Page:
Consider the following suggestions to help you cope with the strong urges to overeat.
Give definition to your mealtime.
Set an eating schedule that suits your needs. Have a special place to eat along with a table setting so that your meal has a clear beginning and ending, instead of in front of the computer or in your car.
Give yourself positive statements while you examine your struggle to overeat: Hunger signals come and go and increase over time. Rate the intensity now and have choices for healthy food. Use self-talk like:
- “This urge is strong now, but I know it often goes away in a few minutes“.
- “I’ll trust myself. I’m confusing my emotions with my urge to overeat“.
- “What am I thinking and feeling?“
- “What do I need to do with these emotions now, other than overeat?“
Do not immediately turn to food.
Keep to your regularly scheduled meal plan. Focus on helpful self-talk (see above) and use other strategies — journaling, calling a friend, taking a walk, a nap, or a drink of water.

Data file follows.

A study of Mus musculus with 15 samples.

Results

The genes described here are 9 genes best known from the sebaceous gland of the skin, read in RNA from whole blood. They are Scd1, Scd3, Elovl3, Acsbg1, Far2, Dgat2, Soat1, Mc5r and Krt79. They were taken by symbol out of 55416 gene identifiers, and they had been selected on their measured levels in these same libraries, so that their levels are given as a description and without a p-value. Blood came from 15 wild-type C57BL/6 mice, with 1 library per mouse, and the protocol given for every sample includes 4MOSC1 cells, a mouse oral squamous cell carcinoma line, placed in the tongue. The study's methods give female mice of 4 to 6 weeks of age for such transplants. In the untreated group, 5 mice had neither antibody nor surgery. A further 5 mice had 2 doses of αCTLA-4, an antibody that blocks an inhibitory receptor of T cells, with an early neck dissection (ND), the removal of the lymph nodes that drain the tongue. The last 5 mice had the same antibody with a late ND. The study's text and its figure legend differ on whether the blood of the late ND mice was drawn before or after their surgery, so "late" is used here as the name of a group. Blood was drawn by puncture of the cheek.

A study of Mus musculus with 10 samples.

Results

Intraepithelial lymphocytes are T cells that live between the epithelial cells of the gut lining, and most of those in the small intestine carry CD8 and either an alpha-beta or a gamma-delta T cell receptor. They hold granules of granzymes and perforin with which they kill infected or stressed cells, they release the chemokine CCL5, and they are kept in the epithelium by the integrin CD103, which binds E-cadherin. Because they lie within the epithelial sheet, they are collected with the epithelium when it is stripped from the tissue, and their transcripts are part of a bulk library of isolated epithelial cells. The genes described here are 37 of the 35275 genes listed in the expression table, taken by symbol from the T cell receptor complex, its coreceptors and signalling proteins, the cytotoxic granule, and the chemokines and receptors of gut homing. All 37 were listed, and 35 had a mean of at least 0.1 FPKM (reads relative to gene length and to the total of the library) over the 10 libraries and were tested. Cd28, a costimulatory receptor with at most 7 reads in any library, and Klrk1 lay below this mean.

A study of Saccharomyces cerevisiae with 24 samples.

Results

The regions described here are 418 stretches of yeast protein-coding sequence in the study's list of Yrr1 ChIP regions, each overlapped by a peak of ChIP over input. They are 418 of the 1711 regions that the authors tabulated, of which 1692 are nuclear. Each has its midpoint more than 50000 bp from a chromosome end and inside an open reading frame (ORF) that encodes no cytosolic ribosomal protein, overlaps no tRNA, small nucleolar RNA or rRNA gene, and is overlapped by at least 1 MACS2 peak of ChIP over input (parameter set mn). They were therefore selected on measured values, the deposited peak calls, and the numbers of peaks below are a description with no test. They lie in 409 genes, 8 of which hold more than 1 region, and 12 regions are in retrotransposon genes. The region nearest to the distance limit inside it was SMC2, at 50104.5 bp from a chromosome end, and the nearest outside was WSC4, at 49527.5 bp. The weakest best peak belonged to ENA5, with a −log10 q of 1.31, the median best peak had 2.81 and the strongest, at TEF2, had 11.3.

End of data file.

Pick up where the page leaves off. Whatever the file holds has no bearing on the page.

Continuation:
Break your old dietary rules slowly.
If you have a rule that says you can’t eat breakfast, try eating a little bit. Leave the eating area at the point when you begin feeling discomfort. Gradually increase or decrease the amount you eat and length of time you stay in the eating area until you eat a healthy meal.
Eat smaller portions of foods you have been overeating.
Since these foods will no longer be forbidden, you’ll probably not dwell on them or become anxious and guilty after eating them.
Eat moderate portions, and let go of diet myths that might have controlled your eating.
If you’re unsure what a standard portion is, use one cup, one-half cup, and one-fourth cup measuring cups, and you’ll learn how much satisfies your hunger.
It may be easier for you to eat several smaller meals daily than to eat three larger meals.
Six small meals throughout the day, with the last meal ending by evening, also allows for better digestion. You don’t need to be part of the clean plate club!
Join a group to discover and work on the things that are causing food to be the source of comfort.
Life Recovery steps can help you find freedom and healing for what may be at the core of the issue.
Take care of yourself.
Plan things you enjoy doing each day, even if you have a limited amount of time. When you’re well-nourished emotionally, you’ll be less likely to turn to food.
We want to be a source of encouragement and hope for you. Additional resources are available through New Life Ministries. Call us at 800-NEW-LIFE, or visit us at newlife.com.